Music... my earliest memories are as a child playing with a small record player. With records strewn on the floor, I would grab whatever disk was within reach, slap it on the turntable, drop the needle and music would fill my playtime. I remember hearing "The Nutcracker" over and over. Besides music on radio and TV, my dad would play guitar and sing to us kids. A guitar was a rare instrument to have around the house in those days; some households maybe having a piano. He bought the guitar from an uncle when he was a teenager. It was a Slingerland "May Bell" parlor-sized guitar with a pearlite fretboard and a decal mural of angel musicians on the top. I remember the smell of the aged wood. It was an old guitar even back then. Dad would sing songs like "Frankie and Johnny,” "Little Brown Jug,” and my favorite, "Ghost Riders in the Sky.” In his younger years, with his cousin Arthur Carvalho on guitar he would play dances at the Portuguese American Club in Attleboro, MA, parties , and other small venues.
I later learned that my musical heritage went back further. My Grandmother's brother, Manuel Carvalho was a famous Opera singer in New York City and recorded on RCA and Columbia records. He was a big star to the Portuguese community in America. Other uncles played in groups, like my great uncle Joseph Pimentel and his "Kilima Hawaiians".
My grandmother, Josephine Carvalho, married Manuel Pimentel. His sister, Mary Pimentel, married Josephine’s brother, John Carvalho. The two families lived kitty corner in Attleboro MA. My father Frank and his brother Ray were interchangeable with their 13 Carvalho cousins. In this mixed brood of 15 kids, everyone sang and most played guitar, ukulele, piano, or other instruments.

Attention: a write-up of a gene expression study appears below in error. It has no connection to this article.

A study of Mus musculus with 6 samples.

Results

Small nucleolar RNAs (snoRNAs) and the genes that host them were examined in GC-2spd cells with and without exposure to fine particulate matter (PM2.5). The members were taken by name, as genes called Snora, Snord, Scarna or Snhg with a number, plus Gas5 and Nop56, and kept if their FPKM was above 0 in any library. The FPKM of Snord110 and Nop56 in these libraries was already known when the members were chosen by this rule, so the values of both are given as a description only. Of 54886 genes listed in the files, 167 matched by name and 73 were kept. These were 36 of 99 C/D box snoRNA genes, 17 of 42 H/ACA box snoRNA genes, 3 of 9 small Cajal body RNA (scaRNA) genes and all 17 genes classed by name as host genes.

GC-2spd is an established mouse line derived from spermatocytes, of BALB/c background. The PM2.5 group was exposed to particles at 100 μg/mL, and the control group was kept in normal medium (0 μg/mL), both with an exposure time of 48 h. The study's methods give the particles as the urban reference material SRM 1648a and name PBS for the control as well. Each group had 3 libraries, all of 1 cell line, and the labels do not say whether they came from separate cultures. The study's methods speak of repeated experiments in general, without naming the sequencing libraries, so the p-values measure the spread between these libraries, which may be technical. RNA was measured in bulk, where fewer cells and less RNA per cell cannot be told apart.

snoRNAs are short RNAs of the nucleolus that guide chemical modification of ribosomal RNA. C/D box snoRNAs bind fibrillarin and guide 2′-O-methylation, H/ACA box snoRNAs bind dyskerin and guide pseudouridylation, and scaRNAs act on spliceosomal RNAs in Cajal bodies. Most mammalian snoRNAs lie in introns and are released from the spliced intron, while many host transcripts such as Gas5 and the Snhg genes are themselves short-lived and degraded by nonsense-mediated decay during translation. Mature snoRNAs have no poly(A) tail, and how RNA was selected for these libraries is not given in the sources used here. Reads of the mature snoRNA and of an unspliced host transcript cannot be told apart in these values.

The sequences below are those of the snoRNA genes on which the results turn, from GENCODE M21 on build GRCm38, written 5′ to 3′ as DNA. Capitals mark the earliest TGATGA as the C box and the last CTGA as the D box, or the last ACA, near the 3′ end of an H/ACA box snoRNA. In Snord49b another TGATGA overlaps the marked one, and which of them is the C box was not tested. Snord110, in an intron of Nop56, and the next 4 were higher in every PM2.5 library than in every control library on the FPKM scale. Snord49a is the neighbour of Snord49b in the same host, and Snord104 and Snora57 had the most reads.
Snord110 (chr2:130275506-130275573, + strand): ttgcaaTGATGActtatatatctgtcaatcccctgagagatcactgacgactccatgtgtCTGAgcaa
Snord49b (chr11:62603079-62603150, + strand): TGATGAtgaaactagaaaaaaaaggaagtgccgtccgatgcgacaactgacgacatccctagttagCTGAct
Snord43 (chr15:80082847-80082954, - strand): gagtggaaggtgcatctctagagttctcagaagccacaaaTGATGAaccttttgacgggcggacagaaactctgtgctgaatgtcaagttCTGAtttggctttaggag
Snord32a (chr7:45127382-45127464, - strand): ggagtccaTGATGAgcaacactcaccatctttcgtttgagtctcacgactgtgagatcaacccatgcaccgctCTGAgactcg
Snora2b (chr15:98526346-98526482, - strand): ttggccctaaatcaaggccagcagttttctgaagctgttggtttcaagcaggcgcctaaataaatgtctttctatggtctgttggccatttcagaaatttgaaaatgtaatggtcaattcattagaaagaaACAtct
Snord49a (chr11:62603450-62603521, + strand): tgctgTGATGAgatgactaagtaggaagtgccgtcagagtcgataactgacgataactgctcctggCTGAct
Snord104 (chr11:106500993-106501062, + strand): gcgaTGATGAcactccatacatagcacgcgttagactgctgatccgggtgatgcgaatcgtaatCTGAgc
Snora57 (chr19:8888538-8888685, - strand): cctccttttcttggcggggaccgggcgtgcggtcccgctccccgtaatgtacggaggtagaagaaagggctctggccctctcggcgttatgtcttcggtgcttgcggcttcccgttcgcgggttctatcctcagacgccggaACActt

The twins, Alzeta and Aldina, harmonized with beautiful voices and were also performers. Along with other cousins, the Fernandes, Faria, Sousa, et al, music was the glue that brought everyone together.
World War II changed all that. My family's so called "greatest generation" soon found themselves scattered across the globe in places like North Africa, Italy, France, Germany, Iwo Jima, Okinawa, and Japan. When the war ended they came home, got jobs, bought homes, and started families.
My father, Frank Pimentel, chose to make his career in the Air Force. With my mother Fran, my sister Karen, and brothers Rick, and Rod, they began moving around the country, first to San Antonio, TX, then to Savannah, GA where I was born in 1952, followed by younger sister, Nina, in 1953. From there, moving to Texas, California, New Hampshire where brother Jon was born in 1965, then Delaware, New Jersey; and finally back to New Hampshire.